As bears prepare for winter, sightings not uncommon

A bear wanders around in the Al Tahoe neighborhood of South Lake Tahoe in early September.

A bear wanders around in the Al Tahoe neighborhood of South Lake Tahoe in early September.

With cooler temperatures and shorter days, bears are preparing for hibernation and Carson City is a top choice to shop for necessities as it exhibits natural habitats.

From Kings Canyon to the Silver Oak Golf Course in Lakeview Hill, bear sightings could be quite common throughout the season.

For bears, the goal is to consume 5,000-25,000 calories a day, and eat for up to 20 hours each day for hibernation said Jack Robb, deputy director of Nevada Department of Wildlife.

On Friday, Sept. 29, an Appeal reader reported a bear sighting near Lakeview Hill.

Bear activity is expected in west Carson, including south Reno, Douglas County foothills and the Tahoe basin, Robb said. “We routinely have it out there,” he said. “It’s an interactive wildlife corridor. It’s more common to have meal sittings this time of year.”

Normally, hibernation begins between mid-November and January but it depends on the precipitation and temperatures, he said.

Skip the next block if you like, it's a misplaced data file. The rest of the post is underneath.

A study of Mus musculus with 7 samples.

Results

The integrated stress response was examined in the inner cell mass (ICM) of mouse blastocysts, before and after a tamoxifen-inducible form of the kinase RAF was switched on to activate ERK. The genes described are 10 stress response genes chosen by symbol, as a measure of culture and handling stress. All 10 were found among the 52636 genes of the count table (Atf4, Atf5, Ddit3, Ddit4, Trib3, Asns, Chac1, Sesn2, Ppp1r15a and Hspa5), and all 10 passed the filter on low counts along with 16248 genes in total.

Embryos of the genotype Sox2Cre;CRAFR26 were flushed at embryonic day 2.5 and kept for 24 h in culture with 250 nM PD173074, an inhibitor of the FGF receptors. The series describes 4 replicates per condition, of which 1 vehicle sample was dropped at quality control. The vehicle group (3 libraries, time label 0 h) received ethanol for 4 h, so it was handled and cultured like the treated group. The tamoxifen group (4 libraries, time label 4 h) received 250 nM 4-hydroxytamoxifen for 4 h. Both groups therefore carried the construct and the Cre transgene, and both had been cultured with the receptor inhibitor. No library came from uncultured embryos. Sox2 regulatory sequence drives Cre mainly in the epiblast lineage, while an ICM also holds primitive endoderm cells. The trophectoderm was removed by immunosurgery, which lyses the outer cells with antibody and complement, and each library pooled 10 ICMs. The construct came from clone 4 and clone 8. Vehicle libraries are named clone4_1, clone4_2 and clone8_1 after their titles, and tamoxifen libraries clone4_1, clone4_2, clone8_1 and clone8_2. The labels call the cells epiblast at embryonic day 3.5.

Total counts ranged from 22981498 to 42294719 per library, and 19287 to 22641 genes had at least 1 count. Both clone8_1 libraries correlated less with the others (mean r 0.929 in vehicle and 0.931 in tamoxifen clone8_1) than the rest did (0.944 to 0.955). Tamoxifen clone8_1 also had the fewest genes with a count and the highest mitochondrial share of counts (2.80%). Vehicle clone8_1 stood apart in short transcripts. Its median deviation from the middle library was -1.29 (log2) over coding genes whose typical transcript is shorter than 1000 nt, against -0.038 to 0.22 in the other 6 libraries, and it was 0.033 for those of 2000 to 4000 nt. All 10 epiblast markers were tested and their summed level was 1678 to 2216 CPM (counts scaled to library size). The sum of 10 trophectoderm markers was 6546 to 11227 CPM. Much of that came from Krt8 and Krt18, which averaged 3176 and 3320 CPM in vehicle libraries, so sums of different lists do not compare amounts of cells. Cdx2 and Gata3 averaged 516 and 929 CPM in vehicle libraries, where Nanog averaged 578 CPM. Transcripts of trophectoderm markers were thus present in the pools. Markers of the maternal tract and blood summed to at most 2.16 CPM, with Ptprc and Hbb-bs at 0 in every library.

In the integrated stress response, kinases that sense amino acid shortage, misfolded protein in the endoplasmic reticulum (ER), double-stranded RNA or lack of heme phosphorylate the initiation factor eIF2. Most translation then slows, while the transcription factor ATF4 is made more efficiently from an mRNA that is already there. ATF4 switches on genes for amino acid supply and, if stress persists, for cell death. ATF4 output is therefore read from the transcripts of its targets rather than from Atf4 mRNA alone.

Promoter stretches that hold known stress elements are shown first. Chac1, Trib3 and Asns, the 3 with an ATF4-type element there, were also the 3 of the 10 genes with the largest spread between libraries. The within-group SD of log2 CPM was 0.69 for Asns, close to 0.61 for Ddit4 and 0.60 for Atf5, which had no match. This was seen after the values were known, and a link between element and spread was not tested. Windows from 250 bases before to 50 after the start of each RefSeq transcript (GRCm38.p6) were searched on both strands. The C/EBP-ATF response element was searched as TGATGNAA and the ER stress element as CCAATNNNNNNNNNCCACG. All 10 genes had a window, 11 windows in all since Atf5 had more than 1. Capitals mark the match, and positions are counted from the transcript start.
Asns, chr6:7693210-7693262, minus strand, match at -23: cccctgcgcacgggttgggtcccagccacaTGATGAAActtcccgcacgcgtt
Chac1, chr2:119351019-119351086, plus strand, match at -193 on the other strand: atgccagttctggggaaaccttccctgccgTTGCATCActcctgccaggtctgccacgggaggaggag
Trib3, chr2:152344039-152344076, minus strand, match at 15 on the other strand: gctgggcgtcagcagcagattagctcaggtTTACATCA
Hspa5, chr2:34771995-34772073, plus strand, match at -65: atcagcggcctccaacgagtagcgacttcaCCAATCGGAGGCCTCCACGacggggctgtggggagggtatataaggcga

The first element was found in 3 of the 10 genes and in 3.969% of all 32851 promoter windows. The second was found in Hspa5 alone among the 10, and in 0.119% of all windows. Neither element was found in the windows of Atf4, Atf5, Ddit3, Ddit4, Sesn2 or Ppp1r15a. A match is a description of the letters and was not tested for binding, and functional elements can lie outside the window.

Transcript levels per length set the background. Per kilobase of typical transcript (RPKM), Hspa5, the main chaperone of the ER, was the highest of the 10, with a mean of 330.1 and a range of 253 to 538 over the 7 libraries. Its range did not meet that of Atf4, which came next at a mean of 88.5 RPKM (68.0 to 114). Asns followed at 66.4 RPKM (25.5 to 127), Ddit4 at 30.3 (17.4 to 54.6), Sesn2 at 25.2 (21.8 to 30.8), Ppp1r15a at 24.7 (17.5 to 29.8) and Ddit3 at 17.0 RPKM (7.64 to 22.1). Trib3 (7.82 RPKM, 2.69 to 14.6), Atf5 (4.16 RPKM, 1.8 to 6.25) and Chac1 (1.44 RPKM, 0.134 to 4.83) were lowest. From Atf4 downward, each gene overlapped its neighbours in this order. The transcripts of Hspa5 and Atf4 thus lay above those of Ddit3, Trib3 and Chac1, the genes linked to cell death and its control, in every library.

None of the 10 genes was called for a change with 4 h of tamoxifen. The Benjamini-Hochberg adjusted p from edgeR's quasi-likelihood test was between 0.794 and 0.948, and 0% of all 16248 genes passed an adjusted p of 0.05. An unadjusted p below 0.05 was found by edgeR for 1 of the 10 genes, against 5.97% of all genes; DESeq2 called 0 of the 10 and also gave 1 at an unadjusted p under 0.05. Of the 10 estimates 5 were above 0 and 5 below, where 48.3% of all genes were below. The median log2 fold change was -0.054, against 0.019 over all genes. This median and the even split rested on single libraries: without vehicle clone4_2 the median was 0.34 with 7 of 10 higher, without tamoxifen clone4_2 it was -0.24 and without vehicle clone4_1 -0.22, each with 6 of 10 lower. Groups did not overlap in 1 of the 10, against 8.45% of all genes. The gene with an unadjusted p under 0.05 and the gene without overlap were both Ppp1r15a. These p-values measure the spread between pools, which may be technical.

With a relatively wet winter earlier this year, the moisture produced a selection of fruits and vegetables in yards on the west side of town. Last year, NDOW handled about 50 bears; that winter also brought a decent amount of moisture.

When there’s moisture, there’s no need for bears to journey down the hills in the summertime as most food is found near their homes.

Aside from the options left in trash bins and dog bowls, Robb said bears find fruit trees irresistible — in which there’s plenty to choose from in the area.

Apples, plums, and pears are the most popular fruits among bears in the area.

Robb suggests if residents want to keep bears off property, it’s best to remove the fruits and ensure trash bins are inaccessible.

“There will be multiple of them,” he said. “It’s nothing unusual. They’re hungry and putting on weight for the winter.”

NDOW’s BEAR Hotline is 775-688-BEAR. Normal business hours are 6 a.m. until 11 p.m. The hotline is for those who are experiencing conflicts with bears after removal of all human attractions.